Owner of Criterion.B, overseeing client strategy and company culture.
SEO is like a finicky, temperamental second child of your marketing strategy — the one that can accomplish a lot for your business but is extremely difficult to grow.
The task of improving your website’s SEO can be daunting, especially when you’ve already put significant effort into your website content. This is why I recommend making small adjustments to published blogs — it will maximize your time and the outcome of your efforts.
To streamline the process, here are four easy adjustments to make across your blogs:
1. Optimize The Blog Title
It’s likely no secret that your blog title, or H1 tag, is important for optimization. However, do you know the specifics for SEO-friendly headlines?
Here is a quick overview:
• The optimal length for blog headlines varies. Some experts say six words is ideal. Others say 61-100 characters.
• Headlines should include the main long-tail keyword the blog is targeting.
• An H1 tag should be assigned to the headline.
• Each blog should only have one H1 tag.
If you have a lengthy headline that can’t be shortened, the next step is to ensure that your chosen keyword appears at the front of the headline to keep it from being cut off by search engines.
Another option you can explore is editing the blog’s page title. With tools like HubSpot, you can alter the title that appears in search results without changing the title on the blog page. This tactic can give your content the right balance between informative and SEO-friendly. For example, one of our multifamily clients had lengthy blog titles due to the complexity of their content and this negatively impacted their search ranking. However, after shortening each blog’s page title, we were able to slightly increase the ranking of the blogs by a few slots in search results.
Marketing guru Neil Patel ran an experiment on whether headings really impact rankings. In his podcast episode, Patel revealed that it wasn’t the number of H1s, H2s and H3s that made an impact on SEO, but rather whether those titles had bigger font sizes. Based on this, we recommend that not only do you optimize the words in your headline but emphasize them as well.
2. Add An Alt Text, Title And Meta Description To Blog Images
While the inclusion of images is highly important for crafting engaging blogs, search engines don’t actually analyze images, they analyze the text that is attached to the images.
This is why adding an alt text, title and meta description to each image on your blog is so critical for improving SEO. If your blog images do not have these pieces of text, they don’t actually help your optimization.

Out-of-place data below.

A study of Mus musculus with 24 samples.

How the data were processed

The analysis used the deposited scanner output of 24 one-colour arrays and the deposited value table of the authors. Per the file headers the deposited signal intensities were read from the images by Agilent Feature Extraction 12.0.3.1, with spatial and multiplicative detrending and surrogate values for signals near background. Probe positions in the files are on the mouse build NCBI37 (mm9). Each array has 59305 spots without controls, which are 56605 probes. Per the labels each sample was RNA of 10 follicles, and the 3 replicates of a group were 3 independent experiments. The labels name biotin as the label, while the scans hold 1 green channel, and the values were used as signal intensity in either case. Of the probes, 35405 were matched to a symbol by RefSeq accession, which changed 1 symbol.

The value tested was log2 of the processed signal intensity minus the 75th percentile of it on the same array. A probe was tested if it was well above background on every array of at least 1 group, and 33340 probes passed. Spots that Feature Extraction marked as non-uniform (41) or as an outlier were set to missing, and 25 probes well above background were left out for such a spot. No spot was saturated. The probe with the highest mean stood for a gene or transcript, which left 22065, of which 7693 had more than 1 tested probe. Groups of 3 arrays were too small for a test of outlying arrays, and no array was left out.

For example, let’s say your blog, which covers working-from-home tactics, has an image of a woman sitting on her couch with her computer. Here is a great outline for labeling it:
• Alt-Text: Productive When Working From Home
• Title: Woman Working From Home
• Meta Description: Woman on Couch with Computer – Staying Productive While Working From Home
Taking the time to add these three portions of text to your blog images can really boost your overall web optimization. Recently, our team added alt text to over 900 images on a client’s website, making sure those pages would appear in searches containing the targeted keywords.
3. Target Two Long-Tail Keywords For Each Blog
For ultimate optimization, each of your blogs should target two long-tail keywords.
Long-tail keywords are focused search queries that have the ability to drive high-converting traffic due to their specificity. When a user types in a long search query, there is a higher chance of purchasing intent.
For example, a long-tail version of the keyword “social media marketing” could be “social media marketing for small businesses.” Users who search the latter are clearly on the hunt for helpful information they can apply to their business.
There’s a common SEO misconception that shorter search queries have higher search volumes, but often that is not the case. Sometimes, even one additional word can make a significant difference. For example, the query “how to lose weight” has 165,000 searches per month, while “how to lose weight fast” has 201,000 searches per month.
Here are a few statistics to back up our belief in the strength of long-tail keywords:
• 50% of search queries contain four or more words.
• Over 29% of keywords with more than 10,000 monthly searches consist of three or more words.
• About 8% of searches are phrased as a question.
When it comes to the number of times you use a keyword in a blog, it is known that 0.5 to 2.5% of keyword density is considered safe. You can check your keyword density by taking the number of times the keyword is used and divide it by the total word count.
4. Increase Word Count
While sometimes writing more content can feel like a dreadful task, increasing your word count on shorter blogs, as well as lengthy blogs, can really improve your SEO.
When it comes to ranking above your competition, or simply one spot higher in a search result list, it’s all about the balance between word count and keyword usage.
Let’s say you want to rank one slot higher for the search query “tips for productivity.” To achieve this, you just need to use the keyword one more time throughout the page than the result above you.
However, simply increasing the keyword usage alone won’t be successful. To avoid “keyword stuffing,” which Google will penalize you for, you need to increase the word count in relative measure to keyword usage.
Increasing SEO In Small Increments
The task of improving your website’s SEO is much easier to implement when it is broken down into smaller actionable steps such as the ones listed above. By starting with these four, you can make effective changes that improve overall SEO without sucking up all of your time. It’s a win-win!